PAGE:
Scam alert: No, that’s not Apple calling

Has your phone been buzzing nonstop with calls from numbers you don’t recognize? If so, keep on screening those calls — because scammers are trying harder than ever to trap people these days.

Yes, scam calls are definitely on the rise during the COVID-19 pandemic. Thankfully, there is a lot you can do to stop robocalls and identify scams. We rounded up seven steps for you to try here.

A common tactic used by scam callers involves pretending to be a major company like Apple. A call will come in claiming that your account has been altered in some way and that you need to talk to them to fix it. But now, they’re leaving deceptive voicemails on top of their annoying calls. If these messages start clogging your inbox, here’s why you should ignore them.

No hiding from robocallers

Robocallers and scammers are some of the most annoying parts of our tech ecosystem today. But for the most part, they tend to call us and leave us alone if we don’t pick up. Occasionally, some scammers will leave a voicemail urging you to return the call, but this isn’t the majority of cases we’ve seen.

But now, these crooks are starting to get more aggressive with the tactics they use. They’re leaving urgent-sounding voice messages for their victims while pretending to be some of the biggest names in tech — like Amazon, Google or Apple.

RELATED: Tap or click here to see another recent Amazon scam

Some of us here at Komando.com have been on the receiving end of these scam calls for some time now, and a recent one was kind enough to leave us a detailed message about the type of operation they’re running.

As you can see, the callers imply that they’re associated with Apple, and blatantly lie that your iCloud account has been breached. However, the stilted language and poor grammar give away the game if you look closely.

But even more than bad grammar, your biggest clue that this call is fake should come from the fact that Apple doesn’t call anybody out of the blue! According to the company’s own support page, calls claiming to come from Apple should just be ignored altogether.

Apple does, however, send out emails in regards to account security — and scammers have taken advantage of this to send out fake security emails. But if you look closely at the email sender field, you can always tell if it’s legitimate if the sender’s email domain ends in “@apple.com.” Anything else is a bonafide fake.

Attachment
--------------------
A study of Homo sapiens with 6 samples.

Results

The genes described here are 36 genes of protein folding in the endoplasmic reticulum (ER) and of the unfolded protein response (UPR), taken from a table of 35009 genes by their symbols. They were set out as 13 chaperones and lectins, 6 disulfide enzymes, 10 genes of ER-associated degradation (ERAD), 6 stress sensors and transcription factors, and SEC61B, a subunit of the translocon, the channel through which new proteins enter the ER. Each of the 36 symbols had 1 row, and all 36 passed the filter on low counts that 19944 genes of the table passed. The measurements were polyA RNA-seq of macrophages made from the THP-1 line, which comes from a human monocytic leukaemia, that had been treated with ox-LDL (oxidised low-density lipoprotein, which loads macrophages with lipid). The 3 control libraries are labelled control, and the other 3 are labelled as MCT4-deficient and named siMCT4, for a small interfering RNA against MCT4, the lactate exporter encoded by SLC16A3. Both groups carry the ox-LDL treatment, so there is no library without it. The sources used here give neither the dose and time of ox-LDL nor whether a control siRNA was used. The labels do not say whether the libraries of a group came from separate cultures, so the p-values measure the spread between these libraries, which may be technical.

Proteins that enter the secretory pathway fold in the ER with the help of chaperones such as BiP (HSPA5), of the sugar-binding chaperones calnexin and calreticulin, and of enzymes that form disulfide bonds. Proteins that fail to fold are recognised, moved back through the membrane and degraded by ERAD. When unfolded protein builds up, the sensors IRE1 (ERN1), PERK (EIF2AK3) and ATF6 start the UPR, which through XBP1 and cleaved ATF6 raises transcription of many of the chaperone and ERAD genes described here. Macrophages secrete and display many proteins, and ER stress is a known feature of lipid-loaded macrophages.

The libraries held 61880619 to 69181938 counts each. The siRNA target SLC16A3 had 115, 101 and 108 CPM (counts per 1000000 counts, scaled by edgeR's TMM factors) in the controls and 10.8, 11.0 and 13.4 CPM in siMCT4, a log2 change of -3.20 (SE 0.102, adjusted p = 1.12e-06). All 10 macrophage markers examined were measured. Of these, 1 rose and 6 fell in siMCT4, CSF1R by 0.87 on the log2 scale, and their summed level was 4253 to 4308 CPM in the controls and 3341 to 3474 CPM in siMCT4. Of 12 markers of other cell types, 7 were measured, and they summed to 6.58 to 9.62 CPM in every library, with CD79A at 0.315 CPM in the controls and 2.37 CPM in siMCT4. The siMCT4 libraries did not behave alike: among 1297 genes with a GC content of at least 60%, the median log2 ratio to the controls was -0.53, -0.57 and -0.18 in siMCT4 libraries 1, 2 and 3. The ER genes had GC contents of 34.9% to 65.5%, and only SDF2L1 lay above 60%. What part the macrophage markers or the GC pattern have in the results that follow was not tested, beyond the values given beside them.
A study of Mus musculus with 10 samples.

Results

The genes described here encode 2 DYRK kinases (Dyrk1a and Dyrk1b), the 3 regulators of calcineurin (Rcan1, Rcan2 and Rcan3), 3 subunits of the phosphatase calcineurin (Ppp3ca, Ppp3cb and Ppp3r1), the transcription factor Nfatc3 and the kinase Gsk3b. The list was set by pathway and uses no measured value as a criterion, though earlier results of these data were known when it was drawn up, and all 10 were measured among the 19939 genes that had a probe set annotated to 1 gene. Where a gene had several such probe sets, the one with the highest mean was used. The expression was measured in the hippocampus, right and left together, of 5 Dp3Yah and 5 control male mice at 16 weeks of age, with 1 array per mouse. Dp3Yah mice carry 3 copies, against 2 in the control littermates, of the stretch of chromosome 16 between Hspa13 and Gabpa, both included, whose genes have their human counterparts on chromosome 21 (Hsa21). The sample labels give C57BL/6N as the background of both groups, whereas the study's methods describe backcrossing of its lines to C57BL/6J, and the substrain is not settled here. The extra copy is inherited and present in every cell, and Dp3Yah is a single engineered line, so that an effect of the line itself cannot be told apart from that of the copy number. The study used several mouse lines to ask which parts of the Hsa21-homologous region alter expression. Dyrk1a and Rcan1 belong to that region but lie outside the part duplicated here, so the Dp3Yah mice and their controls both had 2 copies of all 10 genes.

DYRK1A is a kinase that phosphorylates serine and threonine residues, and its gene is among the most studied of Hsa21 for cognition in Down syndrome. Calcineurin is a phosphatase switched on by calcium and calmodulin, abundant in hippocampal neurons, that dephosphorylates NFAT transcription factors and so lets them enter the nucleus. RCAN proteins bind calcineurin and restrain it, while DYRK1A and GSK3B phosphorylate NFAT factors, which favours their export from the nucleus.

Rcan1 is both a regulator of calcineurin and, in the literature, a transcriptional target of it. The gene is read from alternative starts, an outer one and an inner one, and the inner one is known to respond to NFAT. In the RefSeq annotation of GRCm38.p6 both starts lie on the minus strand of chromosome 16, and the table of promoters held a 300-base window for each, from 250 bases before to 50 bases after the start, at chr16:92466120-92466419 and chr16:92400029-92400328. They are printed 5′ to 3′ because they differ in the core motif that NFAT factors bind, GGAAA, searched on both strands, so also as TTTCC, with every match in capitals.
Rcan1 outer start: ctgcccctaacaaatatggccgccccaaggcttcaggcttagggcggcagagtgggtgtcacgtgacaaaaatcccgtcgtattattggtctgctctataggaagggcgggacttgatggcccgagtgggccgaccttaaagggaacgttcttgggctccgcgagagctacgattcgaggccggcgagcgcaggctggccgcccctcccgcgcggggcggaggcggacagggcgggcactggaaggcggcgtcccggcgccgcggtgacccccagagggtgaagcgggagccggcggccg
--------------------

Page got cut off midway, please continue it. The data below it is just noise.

Not just Apple: Google and Amazon lead the way in phishing claims

As deceptive as this phone campaign is, calls and emails claiming to be from Apple are actually on the decline. More likely than not, you’ll get messages and calls from scammers pretending to be Amazon or Google instead.

According to Check Point, Google and Amazon are now the most highly imitated brands for phishing campaigns — with Apple falling to a distant 7th place.

Why is this? Well, it may have to do with the fact that people are relying on services owned by these companies more than ever during the pandemic. Amazon is a primary resource for online shopping for many, and Google’s G-Suite services are essential for people working from home.

Plus, the e-commerce nature of Amazon’s platform can lead to some absolutely devastating results if scammers manage to get the ball rolling. Tap or click here to see how an Amazon scam cost this veteran his life’s savings.

Ultimately, you can protect yourself from these scams by being vigilant and skeptical about any call or email you receive. If a message comes in claiming to be from a big name company, you’re best served by ignoring it or calling the company’s official support line to verify if it’s legitimate.

But keep in mind: Never call any number or visit any website one of these calls or emails tells you to. This is the easiest way to get trapped by a scammer. If “Apple” calls you about a security breach, just go to getsupport.apple.com instead. At least you can see the domain name matches.